US swimmer Michael Phelps celebrates after winning the men's 4x200m freestyle relay
Michael Phelps became the most decorated Olympian of all time, winning a record 19th medal in the pool as China's swimming sensation Ye Shiwen grabbed her second gold of the Games.
Phelps anchored the US team to a resounding victory in the 4x200m freestyle relay to secure gold and beat the record of 18 medals amassed by Soviet gymnast Larisa Latynina between 1956 and 1964.
The American had earlier been thwarted in his bid for a 200m butterfly Olympic treble by Chad le Clos of South Africa, but a silver medal allowed him to match the record medal haul before the relay sealed his place in history.
Phelps, 27, won six golds and two bronze medals at the 2004 Athens Games, then collected a record eight golds in Beijing.
He had suffered a testing start to the London Games, slumping out of the medals in the 400m individual medley and then having to settle for silver in the 4x100m freestyle relay.
But Phelps' unprecedented 19th medal was never in doubt in Tuesday's relay as he took over the final leg with a clear lead built up by his team-mates and powered home to leave France trailing in silver and China with bronze.
"I thanked those guys for helping me get to this moment," said Phelps. "I told those guys I wanted a big lead in the last leg and they gave it to me.
"I just wanted to hold on."
Ye, just 16, may encounter more speculation about her remarkable performances after she added the 200m individual medley title to the 400m individual medley crown.
The Chinese girl was lagging behind the leaders at the turn in the Aquatics Centre, but produced a powerful final 50m to overhaul Alicia Coutts of Australia in an Olympic record time of 2min 7.57sec.
Her swim came just days after her lightning freestyle leg in the longer medley propelled her to a new world record.
Ye's feats have raised unproven suspicions of doping, with John Leonard, executive director of the World Swimming Coaches' Association, describing her finish in the 400m medley as "impossible".
But Ye said she had used the row to motivate herself.
"I don't feel upset or sad about what the media have been saying about me," she insisted. "I feel calm, but it just encouraged me to prove myself."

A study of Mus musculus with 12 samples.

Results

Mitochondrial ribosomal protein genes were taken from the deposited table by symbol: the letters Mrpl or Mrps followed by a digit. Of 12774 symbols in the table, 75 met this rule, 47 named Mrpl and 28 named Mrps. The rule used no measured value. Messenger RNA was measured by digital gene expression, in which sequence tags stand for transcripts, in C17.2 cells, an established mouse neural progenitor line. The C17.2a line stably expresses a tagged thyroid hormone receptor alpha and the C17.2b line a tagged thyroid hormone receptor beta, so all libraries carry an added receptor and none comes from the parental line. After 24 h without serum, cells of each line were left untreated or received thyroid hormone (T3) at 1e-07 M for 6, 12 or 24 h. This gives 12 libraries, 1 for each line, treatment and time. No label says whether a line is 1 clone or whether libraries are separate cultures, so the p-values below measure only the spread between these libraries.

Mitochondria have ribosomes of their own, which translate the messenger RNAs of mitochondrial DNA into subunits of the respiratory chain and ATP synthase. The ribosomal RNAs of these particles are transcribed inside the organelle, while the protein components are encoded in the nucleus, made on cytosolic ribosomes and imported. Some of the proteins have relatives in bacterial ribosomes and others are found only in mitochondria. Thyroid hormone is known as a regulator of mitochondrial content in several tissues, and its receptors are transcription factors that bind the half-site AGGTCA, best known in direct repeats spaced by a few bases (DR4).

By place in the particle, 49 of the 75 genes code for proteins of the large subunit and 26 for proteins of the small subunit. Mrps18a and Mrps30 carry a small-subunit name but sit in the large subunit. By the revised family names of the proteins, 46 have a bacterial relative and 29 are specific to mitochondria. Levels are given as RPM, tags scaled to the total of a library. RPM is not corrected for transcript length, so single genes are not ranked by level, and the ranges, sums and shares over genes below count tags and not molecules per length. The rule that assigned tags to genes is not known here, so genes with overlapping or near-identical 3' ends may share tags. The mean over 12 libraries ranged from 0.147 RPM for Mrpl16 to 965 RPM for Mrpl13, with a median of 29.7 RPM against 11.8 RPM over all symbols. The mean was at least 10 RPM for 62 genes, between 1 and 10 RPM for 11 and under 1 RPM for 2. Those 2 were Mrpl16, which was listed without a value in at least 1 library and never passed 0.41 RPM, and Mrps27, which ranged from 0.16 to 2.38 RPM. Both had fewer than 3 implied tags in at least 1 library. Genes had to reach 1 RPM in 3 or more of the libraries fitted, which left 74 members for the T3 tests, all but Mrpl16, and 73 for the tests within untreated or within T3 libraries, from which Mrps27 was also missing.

Chinese authorities went on the offensive over the allegations. Jiang Zhixue, the head of anti-doping at China's General Administration of Sport, told Xinhua news agency it was unfair to point the finger at their swimmers.
"I think it is not proper to single Chinese swimmers out once they produce good results. Some people are just biased," he said.
Former British swimmer Adrian Moorhouse, a gold medallist in the 100m breaststroke in the 1988 Seoul Games, defended Ye, saying it was possible China had unearthed their own Phelps.
"I think it's sour grapes," Moorhouse said. "I think it's quite insulting actually."
In the gymnastics arena, the United States won the women's team final to claim their first gold medal in the event since 1996. Russia had to settle for silver while Romania pipped 2008 Olympic champions China to bronze.
Defending champions Germany won the equestrian three-day eventing, with Michael Jung then becoming the first rider to hold the European, world and Olympic individual titles.
Great Britain finished second in the team event to earn a silver medal for Queen Elizabeth II's granddaughter Zara Phillips, but the host nation is still without a single gold medal after four days of competition.
The US basketball Dream Team thrashed Tunisia 110-63 as Carmelo Anthony and Kevin Love each scored 16 points, leaving the Americans heading for a date with Nigeria and eyeing the next round.
China lead the United States by 13 golds to nine in the medals table, and the Chinese won their third diving title in three events when world champions Chen Ruolin and Wang Hao clinched the women's 10m synchro platform.
Chen, the individual 10m platform champion from the Beijing Games and the synchronised 10m platform champion, teamed with Wang to tally 368.40 points from their five dives off the tower.